Many physicians miss out on medical informatics meaningful use payments, says study

According to a study due to be published in the May issue of the journal Health Affairs, there was a significant disparity in the number of healthcare professionals eligible to receive meaningful use payments and those who actually applied for them.

Lead researcher Chun-Ju Hsiao and her team at the National Center for Health Statistics within the Centers for Disease Control and Prevention compiled responses from a survey of more than 3,390 physicians from all 50 states to arrive at their conclusions.

The study revealed that while 91 percent of physicians nationwide believed they were eligible to receive payments under the Centers for Medicare and Medicaid Services’ (CMS) meaningful use incentive program, only 10 percent actually did so. These figures were substantially lower than officials at the CMS had originally predicted.

The CMS initially expected between 10 and 36 percent of Medicare-eligible professionals and 15 to 47 percent of Medicare providers to demonstrate meaningful use of medical informatics systems last year.

Results of a report published by KPMG indicate that despite rising levels of medical informatics adoption at care facilities across the country, many healthcare providers see the CMS’ meaningful use guidelines as a compliance challenge.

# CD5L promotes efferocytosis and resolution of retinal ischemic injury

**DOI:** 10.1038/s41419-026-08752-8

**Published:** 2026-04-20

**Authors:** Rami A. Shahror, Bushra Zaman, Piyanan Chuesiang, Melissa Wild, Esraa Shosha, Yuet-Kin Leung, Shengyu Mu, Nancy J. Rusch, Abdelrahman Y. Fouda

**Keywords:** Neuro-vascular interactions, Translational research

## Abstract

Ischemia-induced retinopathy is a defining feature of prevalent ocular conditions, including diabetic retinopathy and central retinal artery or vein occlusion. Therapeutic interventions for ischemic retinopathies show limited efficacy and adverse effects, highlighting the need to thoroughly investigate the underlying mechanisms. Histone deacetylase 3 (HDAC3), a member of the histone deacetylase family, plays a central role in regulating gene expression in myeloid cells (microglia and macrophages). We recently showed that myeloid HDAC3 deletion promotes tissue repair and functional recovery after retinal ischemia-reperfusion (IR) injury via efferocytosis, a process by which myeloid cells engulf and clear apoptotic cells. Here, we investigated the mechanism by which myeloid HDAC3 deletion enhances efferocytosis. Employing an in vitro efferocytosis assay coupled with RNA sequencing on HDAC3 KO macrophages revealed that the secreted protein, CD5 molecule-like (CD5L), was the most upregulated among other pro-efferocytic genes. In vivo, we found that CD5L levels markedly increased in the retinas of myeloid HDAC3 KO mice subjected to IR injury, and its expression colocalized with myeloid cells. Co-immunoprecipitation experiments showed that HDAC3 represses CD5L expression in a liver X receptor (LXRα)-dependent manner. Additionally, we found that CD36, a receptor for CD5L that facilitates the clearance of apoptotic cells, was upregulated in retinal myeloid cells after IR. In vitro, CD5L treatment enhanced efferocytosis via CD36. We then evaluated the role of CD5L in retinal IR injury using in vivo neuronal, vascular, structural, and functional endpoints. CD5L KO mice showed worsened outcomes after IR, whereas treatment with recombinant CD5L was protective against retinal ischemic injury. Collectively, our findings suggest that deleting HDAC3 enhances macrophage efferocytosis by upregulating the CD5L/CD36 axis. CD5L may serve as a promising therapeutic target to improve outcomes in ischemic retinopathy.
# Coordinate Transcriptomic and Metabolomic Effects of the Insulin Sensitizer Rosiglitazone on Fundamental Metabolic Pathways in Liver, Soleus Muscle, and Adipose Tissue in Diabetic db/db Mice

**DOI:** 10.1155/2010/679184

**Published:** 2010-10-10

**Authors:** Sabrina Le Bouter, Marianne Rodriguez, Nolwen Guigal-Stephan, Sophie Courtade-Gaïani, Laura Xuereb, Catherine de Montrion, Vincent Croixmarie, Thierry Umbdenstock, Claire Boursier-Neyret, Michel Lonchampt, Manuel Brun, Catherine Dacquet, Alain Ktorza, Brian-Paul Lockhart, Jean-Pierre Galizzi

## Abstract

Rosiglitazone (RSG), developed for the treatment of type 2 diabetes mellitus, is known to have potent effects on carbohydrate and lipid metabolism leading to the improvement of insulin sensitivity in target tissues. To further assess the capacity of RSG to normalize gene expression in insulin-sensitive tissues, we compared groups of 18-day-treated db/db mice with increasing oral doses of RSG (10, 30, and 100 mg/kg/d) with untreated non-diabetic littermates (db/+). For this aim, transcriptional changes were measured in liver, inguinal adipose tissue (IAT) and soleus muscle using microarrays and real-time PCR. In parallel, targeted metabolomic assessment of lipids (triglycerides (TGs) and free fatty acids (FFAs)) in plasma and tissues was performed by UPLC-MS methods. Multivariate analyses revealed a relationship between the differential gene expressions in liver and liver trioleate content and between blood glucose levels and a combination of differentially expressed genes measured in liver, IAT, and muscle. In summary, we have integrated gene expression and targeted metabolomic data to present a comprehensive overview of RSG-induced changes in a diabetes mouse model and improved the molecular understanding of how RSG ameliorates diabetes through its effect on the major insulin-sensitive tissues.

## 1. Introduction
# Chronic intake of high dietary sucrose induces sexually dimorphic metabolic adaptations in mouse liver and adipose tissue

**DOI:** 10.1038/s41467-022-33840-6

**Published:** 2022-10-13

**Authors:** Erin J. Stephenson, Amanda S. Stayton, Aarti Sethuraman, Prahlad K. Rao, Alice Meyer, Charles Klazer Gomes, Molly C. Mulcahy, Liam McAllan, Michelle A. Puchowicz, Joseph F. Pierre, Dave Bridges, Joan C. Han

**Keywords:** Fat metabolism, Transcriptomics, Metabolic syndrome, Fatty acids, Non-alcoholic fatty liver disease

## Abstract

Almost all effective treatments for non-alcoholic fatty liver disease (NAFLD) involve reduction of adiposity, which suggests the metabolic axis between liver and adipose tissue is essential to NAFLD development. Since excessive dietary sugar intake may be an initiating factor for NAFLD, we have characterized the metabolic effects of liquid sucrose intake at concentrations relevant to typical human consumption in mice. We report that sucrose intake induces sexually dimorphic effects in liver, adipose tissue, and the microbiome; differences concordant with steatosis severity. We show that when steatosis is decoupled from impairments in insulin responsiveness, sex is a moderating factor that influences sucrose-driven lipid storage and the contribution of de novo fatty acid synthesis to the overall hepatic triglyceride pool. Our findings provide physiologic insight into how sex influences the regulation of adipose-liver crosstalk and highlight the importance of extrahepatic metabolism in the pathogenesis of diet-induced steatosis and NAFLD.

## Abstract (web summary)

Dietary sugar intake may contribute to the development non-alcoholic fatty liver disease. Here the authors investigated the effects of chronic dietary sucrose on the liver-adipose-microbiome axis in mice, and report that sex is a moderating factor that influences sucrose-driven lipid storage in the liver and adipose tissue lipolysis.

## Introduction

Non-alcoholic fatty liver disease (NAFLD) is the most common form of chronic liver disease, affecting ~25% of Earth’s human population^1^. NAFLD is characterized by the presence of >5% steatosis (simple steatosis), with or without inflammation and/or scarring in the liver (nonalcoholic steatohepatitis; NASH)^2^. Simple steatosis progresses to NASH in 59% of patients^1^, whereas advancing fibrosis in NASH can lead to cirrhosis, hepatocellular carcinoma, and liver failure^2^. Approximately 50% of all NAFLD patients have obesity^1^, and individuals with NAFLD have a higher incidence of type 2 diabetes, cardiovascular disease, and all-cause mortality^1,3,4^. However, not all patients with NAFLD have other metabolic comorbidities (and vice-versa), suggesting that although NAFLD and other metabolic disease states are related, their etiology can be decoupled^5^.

Key findings of the study indicate that 71 percent of hospitals polled said they were more than 50 percent done with completing a clinical informatics implementation project. Although 48 percent of respondents said they were confident they would demonstrate stage one meaningful use of their medical informatics networks, 10 percent were not aware of their overall state of readiness. A further 3 percent indicated they felt that they would not achieve stage one compliance by the end of the year.

“Achievement of meaningful use is a major organization-wide transformational initiative, and associated challenges must be effectively managed from the beginning or organizations may face serious project risk issues down the line,” Brad Benton, partner and national account leader for KPMG Healthcare, said in a statement.